The great Game of Thrones rewatch continues with season 4. It is a strong season—maybe the strongest of the first four after season 3—but it both suffers from only covering part of the best A Song of Ice and Fire book and from losing most of the best parts of that book to season 3.
The seasons-long Theon torture porn sequence of course continues. Ramsay Snow inexplicably gets massive amounts of screentime. We also get more of Locke, now entirely superfluous.
On the other hand, the sequences with both Missandei and Grey Worm and Aryan and the Hound are great. Can we stop and talk about how great Maisie Williams is?
Jaime continuing to come into his own as a character, but a gratuitous rape scene undercuts Jaime as a character and undercuts his redemption arc. Dany’s story, unfortunately, moves to wheelspinning (if not nearly as much wheelspinning as the books).
Benioff and Weiss are very good to great both at straight adaptations of Martin’s material and at making pragmatic changes necessitated by the medium. They are very much not, on the other hand, good at writing their own material. This issue will become far worse going forward, but we have our first significant sign of it in season 4 with the pointless raid on Craster’s Keep, rivaled in pointlessness only by Yara’s raid on the Dreadfort (taking one very fast ship around an entire continent).
(Well, there is one very big point. The final scene in episode 4 suggests that Craster may be entirely responsible for the return of the White Walkers. So, uh, Mormont’s decision to tolerate Craster because he helped rangers north of the Wall isn’t looking so hot.)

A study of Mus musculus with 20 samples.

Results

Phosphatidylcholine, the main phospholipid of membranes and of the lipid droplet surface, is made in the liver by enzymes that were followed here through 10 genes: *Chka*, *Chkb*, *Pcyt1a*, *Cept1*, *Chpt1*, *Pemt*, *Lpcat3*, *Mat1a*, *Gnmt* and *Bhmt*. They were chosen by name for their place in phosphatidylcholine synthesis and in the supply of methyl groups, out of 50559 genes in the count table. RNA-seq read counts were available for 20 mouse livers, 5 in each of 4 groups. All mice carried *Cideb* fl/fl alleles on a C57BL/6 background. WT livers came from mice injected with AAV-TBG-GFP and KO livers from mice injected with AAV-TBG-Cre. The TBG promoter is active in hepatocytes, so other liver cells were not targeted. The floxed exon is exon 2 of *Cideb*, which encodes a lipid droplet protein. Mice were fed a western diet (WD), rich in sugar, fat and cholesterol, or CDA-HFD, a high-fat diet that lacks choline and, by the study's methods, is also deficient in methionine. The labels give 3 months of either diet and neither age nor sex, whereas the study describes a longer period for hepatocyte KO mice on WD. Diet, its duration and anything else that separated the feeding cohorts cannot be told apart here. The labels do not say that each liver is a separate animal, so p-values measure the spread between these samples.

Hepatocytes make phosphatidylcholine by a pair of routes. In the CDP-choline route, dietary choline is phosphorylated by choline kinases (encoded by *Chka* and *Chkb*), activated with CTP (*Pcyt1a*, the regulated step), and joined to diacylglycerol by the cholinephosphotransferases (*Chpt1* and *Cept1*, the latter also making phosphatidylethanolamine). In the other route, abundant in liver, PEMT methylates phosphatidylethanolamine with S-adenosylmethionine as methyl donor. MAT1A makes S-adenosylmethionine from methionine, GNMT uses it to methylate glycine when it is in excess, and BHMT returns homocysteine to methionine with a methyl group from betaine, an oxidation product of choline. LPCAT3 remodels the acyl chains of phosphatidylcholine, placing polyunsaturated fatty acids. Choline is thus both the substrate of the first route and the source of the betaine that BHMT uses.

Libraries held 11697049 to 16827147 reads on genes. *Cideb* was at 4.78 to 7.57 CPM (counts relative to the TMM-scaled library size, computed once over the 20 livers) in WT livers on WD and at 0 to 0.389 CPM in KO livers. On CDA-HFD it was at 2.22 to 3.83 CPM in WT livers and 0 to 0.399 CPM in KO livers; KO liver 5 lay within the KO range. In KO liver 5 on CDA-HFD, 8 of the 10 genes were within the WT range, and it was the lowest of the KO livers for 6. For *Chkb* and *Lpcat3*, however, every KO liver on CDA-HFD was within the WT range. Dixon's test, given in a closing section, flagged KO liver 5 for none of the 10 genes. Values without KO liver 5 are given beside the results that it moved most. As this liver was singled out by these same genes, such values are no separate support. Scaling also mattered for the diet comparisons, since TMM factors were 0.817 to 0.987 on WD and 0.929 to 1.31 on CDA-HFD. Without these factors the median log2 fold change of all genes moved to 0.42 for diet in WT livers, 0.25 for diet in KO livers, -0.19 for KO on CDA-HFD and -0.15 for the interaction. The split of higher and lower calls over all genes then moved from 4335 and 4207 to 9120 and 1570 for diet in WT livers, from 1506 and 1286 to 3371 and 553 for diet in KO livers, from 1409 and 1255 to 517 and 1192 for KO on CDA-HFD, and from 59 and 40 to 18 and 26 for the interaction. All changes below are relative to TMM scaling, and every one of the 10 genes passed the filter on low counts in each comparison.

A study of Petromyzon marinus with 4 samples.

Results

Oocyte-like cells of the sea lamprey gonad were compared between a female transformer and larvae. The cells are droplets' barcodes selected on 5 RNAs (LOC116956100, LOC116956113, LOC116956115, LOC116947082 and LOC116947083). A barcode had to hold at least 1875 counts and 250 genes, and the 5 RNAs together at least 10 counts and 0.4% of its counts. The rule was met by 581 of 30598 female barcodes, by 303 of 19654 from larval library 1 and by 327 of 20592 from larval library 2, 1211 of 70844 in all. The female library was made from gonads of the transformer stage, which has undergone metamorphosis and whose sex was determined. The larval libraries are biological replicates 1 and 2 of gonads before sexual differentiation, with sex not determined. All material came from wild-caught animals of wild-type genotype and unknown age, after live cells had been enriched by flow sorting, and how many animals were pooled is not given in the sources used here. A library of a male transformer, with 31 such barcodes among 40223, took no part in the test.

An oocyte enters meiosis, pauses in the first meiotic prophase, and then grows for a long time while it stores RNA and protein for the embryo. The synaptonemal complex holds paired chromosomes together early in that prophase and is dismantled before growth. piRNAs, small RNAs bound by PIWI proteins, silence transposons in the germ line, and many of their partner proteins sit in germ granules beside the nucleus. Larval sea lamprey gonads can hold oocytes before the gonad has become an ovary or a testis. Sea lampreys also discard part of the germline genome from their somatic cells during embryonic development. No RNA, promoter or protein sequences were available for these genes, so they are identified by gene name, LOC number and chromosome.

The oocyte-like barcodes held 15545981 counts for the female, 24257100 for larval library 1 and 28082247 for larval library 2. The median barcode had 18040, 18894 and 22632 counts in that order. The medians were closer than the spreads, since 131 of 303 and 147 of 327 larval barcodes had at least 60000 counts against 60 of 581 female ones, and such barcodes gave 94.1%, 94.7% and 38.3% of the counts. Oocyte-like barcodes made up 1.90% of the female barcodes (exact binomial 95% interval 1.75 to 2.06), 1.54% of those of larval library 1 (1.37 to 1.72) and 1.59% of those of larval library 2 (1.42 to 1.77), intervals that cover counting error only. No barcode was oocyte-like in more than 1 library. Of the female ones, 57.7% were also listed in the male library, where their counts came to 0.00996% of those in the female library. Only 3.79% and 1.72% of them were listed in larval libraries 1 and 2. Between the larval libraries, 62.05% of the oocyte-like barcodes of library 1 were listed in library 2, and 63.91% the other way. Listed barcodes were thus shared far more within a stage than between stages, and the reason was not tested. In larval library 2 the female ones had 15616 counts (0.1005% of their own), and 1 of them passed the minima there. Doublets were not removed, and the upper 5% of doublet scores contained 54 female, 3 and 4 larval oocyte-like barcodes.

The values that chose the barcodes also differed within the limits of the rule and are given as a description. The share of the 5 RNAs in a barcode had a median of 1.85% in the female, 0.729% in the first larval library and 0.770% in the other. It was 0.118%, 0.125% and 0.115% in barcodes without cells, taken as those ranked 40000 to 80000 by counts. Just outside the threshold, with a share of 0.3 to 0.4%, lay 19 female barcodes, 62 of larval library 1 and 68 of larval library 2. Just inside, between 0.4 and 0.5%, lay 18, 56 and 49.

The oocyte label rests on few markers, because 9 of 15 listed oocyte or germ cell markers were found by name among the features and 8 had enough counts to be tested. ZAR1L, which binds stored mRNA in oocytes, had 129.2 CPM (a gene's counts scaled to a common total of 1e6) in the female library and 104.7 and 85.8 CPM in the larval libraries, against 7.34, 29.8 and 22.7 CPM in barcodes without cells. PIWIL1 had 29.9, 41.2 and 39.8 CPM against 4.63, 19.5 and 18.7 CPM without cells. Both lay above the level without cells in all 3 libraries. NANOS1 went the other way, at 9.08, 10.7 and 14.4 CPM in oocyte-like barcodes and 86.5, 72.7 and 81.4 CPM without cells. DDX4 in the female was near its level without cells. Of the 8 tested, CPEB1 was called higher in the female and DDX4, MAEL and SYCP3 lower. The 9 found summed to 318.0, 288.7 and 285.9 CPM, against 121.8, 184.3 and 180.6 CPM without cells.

Surprisingly enough, perhaps, the high point of the season is not the Purple Wedding. My opinion prior to season 3 was that they should have included the Purple Wedding too for a little catharsis, but both seasons work with the Purple Wedding pushed to season 4.
No, the twin highpoints are something else. And two highpoints means two wham episodes this season, not just one.
First the trial of Tyrion leads to Prince Oberyn v. The Mountain. Pedro Pascal is great, and Hafþór Júlíus Björnsson is the best Mountain yet.
Then we get the battle at the Wall. Owen Teale’s portrayal of Ser Alliser Thorne is highly underrated. The fight between Jon and the Thenn is the best bit, but from end-to-end it is a tense, exhilarating spectacle.
One big reveal notwithstanding, season 4’s dragon and ice zombie content is sorely lacking. A couple giants go a long way, though.